Photo supplied by: Pexels
It’s forced some businesses and schools to close their doors. As the North Island deals with a spike in COVID-19 cases, the area’s medical health officer is addressing the public.
“Over the past two weeks, there has been an uptick in detected COVID-19 cases in the Vancouver Island North Local Health Area. This has understandably resulted in anxiety for many community members,” says Dr. Charmaine Enns.
However, she says Public Health is not observing evidence of widespread community transmission.
“Rather, the vast majority of cases are linked to known cases and clusters and are typically the result of close contact in households,” explains Enns.
From Oct. 31st to Nov. 6th, the BCCDC reported a total of 32 active cases for the region. And more recently, it’s more than doubled, with 73 active cases between the 7th and 13th.
“Experience from other regions has shown that the uptick in cases will subside,” Enns says, “but it is important to know that we will continue to hear of cases in our communities.”
According to Enns, 86 per cent of the local population 12 years and older have received at least one dose of vaccine, with 80 per cent now fully vaccinated.
“These rates are good, but in order to get in front of COVID-19 transmission, especially due to the Delta variant, we need a vaccination rate of 90 per cent or greater,” she says.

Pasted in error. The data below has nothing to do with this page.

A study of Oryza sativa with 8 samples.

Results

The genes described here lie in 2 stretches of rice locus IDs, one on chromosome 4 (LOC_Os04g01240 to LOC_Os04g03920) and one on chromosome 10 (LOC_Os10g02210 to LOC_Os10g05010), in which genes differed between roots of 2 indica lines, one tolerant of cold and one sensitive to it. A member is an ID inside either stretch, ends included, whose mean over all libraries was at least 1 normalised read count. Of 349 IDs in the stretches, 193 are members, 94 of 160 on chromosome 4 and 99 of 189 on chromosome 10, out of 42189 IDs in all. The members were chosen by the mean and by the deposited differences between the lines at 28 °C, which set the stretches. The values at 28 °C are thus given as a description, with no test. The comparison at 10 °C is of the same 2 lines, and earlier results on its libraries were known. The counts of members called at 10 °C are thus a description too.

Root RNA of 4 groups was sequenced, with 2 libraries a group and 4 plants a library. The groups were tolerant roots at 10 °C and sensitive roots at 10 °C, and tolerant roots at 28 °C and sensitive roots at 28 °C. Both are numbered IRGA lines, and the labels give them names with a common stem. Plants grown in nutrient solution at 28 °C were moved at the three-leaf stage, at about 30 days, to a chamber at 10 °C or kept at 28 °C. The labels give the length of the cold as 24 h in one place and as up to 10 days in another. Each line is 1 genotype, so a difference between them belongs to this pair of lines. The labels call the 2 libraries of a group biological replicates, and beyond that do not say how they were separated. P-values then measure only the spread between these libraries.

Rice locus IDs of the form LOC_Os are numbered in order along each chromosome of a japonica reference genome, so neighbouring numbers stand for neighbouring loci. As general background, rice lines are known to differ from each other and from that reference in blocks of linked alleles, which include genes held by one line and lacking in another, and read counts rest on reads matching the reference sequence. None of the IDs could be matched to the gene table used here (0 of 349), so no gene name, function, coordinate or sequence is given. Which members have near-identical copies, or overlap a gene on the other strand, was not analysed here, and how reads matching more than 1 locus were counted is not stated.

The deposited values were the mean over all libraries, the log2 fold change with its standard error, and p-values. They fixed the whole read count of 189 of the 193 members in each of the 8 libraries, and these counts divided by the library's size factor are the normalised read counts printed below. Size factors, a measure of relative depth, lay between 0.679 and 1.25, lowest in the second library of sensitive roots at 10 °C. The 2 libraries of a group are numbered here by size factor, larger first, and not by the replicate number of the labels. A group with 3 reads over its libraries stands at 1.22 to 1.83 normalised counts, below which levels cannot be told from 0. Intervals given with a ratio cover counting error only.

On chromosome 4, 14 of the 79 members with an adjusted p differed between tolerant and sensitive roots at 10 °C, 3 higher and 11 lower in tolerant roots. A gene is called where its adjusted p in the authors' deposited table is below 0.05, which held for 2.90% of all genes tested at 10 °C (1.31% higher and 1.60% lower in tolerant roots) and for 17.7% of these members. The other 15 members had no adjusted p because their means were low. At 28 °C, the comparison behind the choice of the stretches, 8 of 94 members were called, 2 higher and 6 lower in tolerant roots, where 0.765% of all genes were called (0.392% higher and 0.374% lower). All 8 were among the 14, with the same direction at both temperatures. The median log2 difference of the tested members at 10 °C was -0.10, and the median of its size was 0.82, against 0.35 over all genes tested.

Enns strongly urges unvaccinated adults to get the jab, asking they not only consider their own health, but the health of their loved ones, friends and community by limiting the likelihood of transmission.
“Fully vaccinated close contacts are no longer asked to self-isolate, instead being asked to self-monitor for symptoms and get tested if symptoms develop. We encourage fully vaccinated close contacts to return to normal daily activities such as going to school and work,” she adds.
“Essentially, if you are not directed to self-isolate or seek testing and you are not experiencing symptoms, you can carry on with life as normal.”
Enns says a large percentage of fully vaccinated people will not get COVID-19 when exposed to someone who is infectious.
But for the small number who do become symptomatic, she notes that “they will most likely have mild symptoms and are less able to transmit the virus to others.”
“We can learn to live with this virus as we have done with other vaccine-preventable respiratory infections by getting vaccinated, staying home when ill with fever and cough, and following current public health guidance and recommendations.”